Racism a potential problem on 2010 Census

New to this year’s Census is the addition of “Negro” under the race classification.

“I don’t know what black person identifies themself as a Negro,” said Juquatta Brewer, a junior studying psychology. “No one that I know of.”

Her friend Kiara Dowdell, a freshman in pre-nursing, added that the term is “degrading.”

In the 2010 Census, the question asking for racial identification lists “Black, African Am., or Negro” as one of the 15 options.

OU History Professor De Witt Dykes said he had no problem checking that box, though he circled “African Am.” to indicate his personal preference.

But he said if there are people that want to self-identify as Negro, they should feel free to put that.

“If there are persons that want to use that term, I don’t see any problems with it, personally,” Dykes said.

Evelyn MacAuley, a sophomore studying psychology, said it’s an attempt to be politically correct. “They’ve got three options, I’ve only got one?”

She said she doesn’t view it as a controversy.

“I don’t know. I don’t see why people would have a problem with it. It’s all the same,” MacAuley, who labels herself white, said.

Dykes said the three terms have gone in and out of fashion for centuries.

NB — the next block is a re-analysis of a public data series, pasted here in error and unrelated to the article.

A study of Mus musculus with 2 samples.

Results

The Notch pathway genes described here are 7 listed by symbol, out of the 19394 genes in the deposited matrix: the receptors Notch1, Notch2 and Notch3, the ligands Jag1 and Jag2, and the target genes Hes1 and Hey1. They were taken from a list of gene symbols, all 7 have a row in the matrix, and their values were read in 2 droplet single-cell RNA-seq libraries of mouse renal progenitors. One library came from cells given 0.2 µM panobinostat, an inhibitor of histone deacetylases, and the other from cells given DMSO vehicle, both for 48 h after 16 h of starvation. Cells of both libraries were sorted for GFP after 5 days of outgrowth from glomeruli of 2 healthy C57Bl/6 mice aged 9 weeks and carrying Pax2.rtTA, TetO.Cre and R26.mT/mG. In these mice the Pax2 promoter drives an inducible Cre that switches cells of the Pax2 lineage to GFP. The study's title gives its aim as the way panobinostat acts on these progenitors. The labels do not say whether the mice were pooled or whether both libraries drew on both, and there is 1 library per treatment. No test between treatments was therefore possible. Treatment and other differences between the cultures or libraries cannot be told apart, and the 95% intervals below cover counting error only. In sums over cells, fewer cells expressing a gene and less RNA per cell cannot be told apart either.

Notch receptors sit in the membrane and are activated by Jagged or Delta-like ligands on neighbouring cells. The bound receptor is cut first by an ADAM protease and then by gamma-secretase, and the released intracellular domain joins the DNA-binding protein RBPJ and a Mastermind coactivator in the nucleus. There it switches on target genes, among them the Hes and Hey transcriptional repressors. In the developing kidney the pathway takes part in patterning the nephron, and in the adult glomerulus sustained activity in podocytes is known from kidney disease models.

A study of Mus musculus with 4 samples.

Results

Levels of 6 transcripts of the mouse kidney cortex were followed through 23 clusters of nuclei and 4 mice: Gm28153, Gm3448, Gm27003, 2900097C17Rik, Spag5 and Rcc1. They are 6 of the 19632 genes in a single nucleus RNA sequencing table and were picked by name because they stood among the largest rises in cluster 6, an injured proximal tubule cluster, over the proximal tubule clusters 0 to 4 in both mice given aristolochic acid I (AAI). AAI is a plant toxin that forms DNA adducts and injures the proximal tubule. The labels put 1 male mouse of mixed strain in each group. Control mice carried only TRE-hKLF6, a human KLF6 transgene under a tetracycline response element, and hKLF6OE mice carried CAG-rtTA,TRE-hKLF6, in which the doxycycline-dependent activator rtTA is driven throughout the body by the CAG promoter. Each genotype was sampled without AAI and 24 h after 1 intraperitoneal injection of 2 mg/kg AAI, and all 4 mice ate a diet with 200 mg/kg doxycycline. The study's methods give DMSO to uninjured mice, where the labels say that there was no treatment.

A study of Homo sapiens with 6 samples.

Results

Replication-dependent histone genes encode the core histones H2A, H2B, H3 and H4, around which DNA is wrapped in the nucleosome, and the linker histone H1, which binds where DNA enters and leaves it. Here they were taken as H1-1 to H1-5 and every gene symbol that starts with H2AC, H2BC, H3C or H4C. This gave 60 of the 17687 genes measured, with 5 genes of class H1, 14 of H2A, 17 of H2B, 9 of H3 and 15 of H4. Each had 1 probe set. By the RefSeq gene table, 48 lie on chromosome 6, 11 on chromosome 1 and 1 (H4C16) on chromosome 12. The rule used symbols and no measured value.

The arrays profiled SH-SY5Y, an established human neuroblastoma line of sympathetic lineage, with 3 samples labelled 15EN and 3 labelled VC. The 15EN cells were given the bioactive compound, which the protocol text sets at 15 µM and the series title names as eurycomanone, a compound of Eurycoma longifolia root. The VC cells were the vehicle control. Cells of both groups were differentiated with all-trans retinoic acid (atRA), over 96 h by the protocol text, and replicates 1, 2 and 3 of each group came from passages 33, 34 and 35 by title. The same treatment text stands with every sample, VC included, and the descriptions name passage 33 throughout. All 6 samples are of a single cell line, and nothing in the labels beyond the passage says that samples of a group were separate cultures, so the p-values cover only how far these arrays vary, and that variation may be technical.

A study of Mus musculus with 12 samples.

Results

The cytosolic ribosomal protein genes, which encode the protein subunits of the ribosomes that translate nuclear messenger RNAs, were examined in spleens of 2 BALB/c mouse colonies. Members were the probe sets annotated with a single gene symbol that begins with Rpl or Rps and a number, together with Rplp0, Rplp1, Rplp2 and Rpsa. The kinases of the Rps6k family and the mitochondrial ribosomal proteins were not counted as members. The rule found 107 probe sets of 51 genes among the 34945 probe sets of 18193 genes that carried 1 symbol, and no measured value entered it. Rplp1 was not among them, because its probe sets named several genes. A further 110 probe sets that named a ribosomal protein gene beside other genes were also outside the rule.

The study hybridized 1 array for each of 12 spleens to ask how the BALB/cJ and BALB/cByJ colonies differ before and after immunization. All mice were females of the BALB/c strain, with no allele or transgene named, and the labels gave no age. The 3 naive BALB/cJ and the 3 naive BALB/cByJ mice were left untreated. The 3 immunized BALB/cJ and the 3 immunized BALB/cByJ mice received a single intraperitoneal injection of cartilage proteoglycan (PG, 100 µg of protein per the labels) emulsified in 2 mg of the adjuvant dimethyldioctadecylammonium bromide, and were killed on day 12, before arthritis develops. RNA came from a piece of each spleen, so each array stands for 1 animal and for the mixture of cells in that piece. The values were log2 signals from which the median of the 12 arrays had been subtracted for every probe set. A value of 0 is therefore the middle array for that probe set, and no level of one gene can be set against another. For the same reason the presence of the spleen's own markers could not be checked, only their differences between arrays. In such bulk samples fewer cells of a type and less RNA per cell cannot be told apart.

Though African American is the preferred formal term today, he said its use was discouraged by leaders of the black community in the 1830s after the American Colonization Society began raising money to send slaves to Africa.

In the 1920s, Dykes said, the National Association for the Advancement of Colored People started campaigning to have the word Negro capitalized.

He said The New York Times later promised to always capitalize Negro when using it in print because it represented both a race and a culture.

But then during the Civil Rights Movement of the 1960s, he said the Nation of Islam began denouncing the word Negro, labeling it a slave term. Dykes said from 1968 to 1972, a newspaper poll found that a majority of Michigan residents went from preferring Negro to black.

Then in 1989, Rev. Jesse Jackson and other black leaders labeled African American as the preferred term.

Overall, Dykes said he believes that we “should choose who we are.”

Nicole Phibbs, a senior nursing major, said she’d be checking the box for “White,” but said she isn’t sure what she would do if she identified as either black or African American and didn’t like the term Negro. “You’re still associating with that group” by checking that box, Phibbs said.

“I think we need less classification amongst people,” said Jeffrey Quesnelle, a sophomore in computer science who identifies as white. “Seems sad to me that people are wrapped up in one color or another. We’re all American.”

Brian Fairbrother, a sophomore studying finance, said he doesn’t know why people care so much. To him, there’s a bigger issue: the cost of conducting the Census.

“I wish we wouldn’t have spent so much money on this,” said Fairbrother, citing all the television ads he’s seen for this year’s Census, including one during the Super Bowl.

Census Bureau Director Robert Groves issued an informal apology on March 26 on C-SPAN for use of the term and said Negro would likely not be on the 2020 census.

Jesseca Williams, a freshman journalism student, said the Census should’ve stayed the way it was and that she doesn’t like the word.

“At the same time, Negro in Spanish is ‘black,'” Williams said.